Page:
A critical review of Austroads Report AP-R621-20
Revised version published as Austroads Report AP-R647-21 “Management of Traffic Modelling Processes and Applications”
What is wrong with Austroads model categorisation?
It is important to identify the most relevant defining characteristics of traffic and transport modelling software for the benefit of managers responsible for commissioning and managing modelling projects. The model categorisation and hierarchy system given in the Austroads report AP-R647-21 fails to relate to the geographic extent of the area to be modelled, and the level of detail required to represent the road and transport network within this area. It is inconsistent as it confuses Model Type, Model Level of Detail and Modelling Technique. It places software packages into boxes in this confused system, thus misleading the readers about the capabilities of software.
Proposed transport and traffic modelling categories
The proposed model categorisation system presented in the critical review report is based on the following framework for categorising traffic and transport models.
Model Type identified by the type of area and the network size as a rough guide:
- Strategic Transport Models: Very large networks (city scale, regional scale).
- Large Area Traffic Models: Medium to Large networks (up to 30-100 intersections).
- Intersection, Corridor and Small Area Traffic Models: Single intersections, corridors and small Networks (up to 10-20 intersections).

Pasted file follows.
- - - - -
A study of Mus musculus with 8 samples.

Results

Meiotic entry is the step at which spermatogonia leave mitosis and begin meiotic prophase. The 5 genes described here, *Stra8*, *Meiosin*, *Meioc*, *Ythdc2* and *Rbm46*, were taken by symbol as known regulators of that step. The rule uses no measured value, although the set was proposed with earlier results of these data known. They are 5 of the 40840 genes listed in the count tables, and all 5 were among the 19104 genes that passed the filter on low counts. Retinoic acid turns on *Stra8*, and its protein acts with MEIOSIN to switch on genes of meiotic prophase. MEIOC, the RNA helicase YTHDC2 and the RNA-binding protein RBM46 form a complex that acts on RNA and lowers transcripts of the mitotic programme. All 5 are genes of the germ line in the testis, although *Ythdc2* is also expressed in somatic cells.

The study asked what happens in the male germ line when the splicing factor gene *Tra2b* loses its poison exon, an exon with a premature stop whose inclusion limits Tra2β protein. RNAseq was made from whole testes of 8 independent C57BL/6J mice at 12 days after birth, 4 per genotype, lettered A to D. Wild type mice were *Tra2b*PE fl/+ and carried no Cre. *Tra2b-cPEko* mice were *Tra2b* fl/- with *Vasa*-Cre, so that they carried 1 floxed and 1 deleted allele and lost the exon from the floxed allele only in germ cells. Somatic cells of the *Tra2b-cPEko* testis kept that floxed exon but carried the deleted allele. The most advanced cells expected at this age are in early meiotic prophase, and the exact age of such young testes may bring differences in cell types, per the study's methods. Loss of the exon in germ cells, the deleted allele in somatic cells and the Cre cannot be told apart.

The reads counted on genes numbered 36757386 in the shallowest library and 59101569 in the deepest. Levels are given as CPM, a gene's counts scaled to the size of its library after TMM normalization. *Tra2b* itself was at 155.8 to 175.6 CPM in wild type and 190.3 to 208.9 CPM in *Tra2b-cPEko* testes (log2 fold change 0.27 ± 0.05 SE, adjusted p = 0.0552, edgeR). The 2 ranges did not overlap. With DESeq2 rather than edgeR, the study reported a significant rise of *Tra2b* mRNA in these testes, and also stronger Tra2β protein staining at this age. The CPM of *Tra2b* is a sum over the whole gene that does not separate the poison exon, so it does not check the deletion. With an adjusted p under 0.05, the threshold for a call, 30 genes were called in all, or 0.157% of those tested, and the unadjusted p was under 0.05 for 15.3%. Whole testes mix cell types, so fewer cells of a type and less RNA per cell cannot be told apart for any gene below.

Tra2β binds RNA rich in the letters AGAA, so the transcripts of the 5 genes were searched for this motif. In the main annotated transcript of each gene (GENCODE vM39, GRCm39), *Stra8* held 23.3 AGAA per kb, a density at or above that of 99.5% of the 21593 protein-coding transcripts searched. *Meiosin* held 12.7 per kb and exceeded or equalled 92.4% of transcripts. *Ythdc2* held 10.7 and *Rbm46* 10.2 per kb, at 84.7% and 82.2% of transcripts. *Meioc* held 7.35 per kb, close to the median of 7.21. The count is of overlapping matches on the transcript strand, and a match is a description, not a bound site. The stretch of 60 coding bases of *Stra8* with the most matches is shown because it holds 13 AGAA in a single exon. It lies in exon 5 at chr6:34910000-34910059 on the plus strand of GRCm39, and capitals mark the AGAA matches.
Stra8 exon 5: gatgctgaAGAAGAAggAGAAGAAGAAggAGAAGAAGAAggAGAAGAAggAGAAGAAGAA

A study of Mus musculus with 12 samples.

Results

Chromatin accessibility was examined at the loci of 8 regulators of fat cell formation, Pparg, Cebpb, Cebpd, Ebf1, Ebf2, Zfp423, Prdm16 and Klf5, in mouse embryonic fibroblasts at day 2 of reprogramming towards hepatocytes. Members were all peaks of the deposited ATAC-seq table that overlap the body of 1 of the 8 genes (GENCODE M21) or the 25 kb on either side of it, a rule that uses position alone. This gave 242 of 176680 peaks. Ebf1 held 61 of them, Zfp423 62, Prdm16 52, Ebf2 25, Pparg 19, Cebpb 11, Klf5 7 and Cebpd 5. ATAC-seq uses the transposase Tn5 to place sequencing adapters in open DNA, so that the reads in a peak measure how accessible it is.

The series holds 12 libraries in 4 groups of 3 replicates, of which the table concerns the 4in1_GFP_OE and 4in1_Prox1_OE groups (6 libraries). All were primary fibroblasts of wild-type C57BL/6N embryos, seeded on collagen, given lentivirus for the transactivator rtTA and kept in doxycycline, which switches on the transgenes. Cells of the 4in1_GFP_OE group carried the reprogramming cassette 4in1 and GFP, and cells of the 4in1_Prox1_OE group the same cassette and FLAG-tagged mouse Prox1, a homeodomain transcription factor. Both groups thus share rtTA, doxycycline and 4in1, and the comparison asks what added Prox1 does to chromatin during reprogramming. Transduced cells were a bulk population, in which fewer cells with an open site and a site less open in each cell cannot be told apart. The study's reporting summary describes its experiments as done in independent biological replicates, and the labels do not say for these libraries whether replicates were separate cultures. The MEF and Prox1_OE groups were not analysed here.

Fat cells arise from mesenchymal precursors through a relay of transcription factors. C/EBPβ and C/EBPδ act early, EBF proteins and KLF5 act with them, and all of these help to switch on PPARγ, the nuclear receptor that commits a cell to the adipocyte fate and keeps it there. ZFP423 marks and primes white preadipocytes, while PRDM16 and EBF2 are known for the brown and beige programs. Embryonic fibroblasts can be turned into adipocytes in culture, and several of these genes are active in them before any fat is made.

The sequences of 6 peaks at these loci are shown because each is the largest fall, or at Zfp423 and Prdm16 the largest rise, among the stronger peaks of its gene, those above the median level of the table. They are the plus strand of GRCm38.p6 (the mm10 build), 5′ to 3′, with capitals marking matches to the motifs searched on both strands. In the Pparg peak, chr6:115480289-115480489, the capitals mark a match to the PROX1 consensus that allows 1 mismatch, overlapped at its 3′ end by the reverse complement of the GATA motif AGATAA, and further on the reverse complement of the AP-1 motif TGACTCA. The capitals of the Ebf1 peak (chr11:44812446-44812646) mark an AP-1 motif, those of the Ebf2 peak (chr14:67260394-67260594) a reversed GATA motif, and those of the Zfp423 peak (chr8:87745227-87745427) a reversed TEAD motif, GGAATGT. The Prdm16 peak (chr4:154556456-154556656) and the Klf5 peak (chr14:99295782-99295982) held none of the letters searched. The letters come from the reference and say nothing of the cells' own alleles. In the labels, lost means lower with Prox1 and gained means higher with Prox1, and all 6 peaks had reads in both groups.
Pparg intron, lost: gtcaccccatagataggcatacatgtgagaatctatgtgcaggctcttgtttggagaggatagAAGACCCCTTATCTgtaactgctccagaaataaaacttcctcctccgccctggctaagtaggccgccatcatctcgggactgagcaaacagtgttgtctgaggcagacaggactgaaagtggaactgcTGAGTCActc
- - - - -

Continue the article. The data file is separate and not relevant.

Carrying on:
Model Level identified by the level of detail determined according to the scale of the model:
- Macroscopic: Large-scale model with more aggregate elements.
- Mesoscopic: Intermediate scale and level of detail between microscopic and macroscopic.
- Microscopic: Small scale model with detailed elements.
Modelling Technique contrasted as analytical or simulation:
- Simulation Model: Modelling of traffic moving in a network as individual vehicles or as groups (small packs, platoons) of vehicles.
- Analytical Model: This term refers to algorithmic models that combine mathematical model elements based on a combination of traffic theory and empirical derivations.
Recommended transport and traffic model categorisation
Model level of detail - traffic movements and road geometry
The Macroscopic / Mesoscopic / Microscopic categories of Model Level in the Austroads report AP-R647-21 appear to be based on traffic movements only according to the detail of representing the traffic stream. An important element to determine Model Level is the level of detail in modelling the road geometry (infrastructure on which traffic movements take place). This view accepts the importance of not only vehicle-to-vehicle (or movement-to-movement) interactions but also vehicle-road geometry interactions. The difference between lane-based, link-based and approach-based models can be understood only by due consideration to this aspect of model level of detail.
Traffic models according to the levels of detail of traffic movement and road geometry
Other modelling guidelines
The Main Roads Western Australia Operational Modelling Guidelines and the New Zealand Transport Agency Transport Model Development Guidelines categorise the models on the basis of geographic coverage and purpose of modelling rather than model detail (macroscopic, microscopic, mesoscopic) and modelling technique (simulation, analytical). As such, they are in line with the proposed categorisation structure.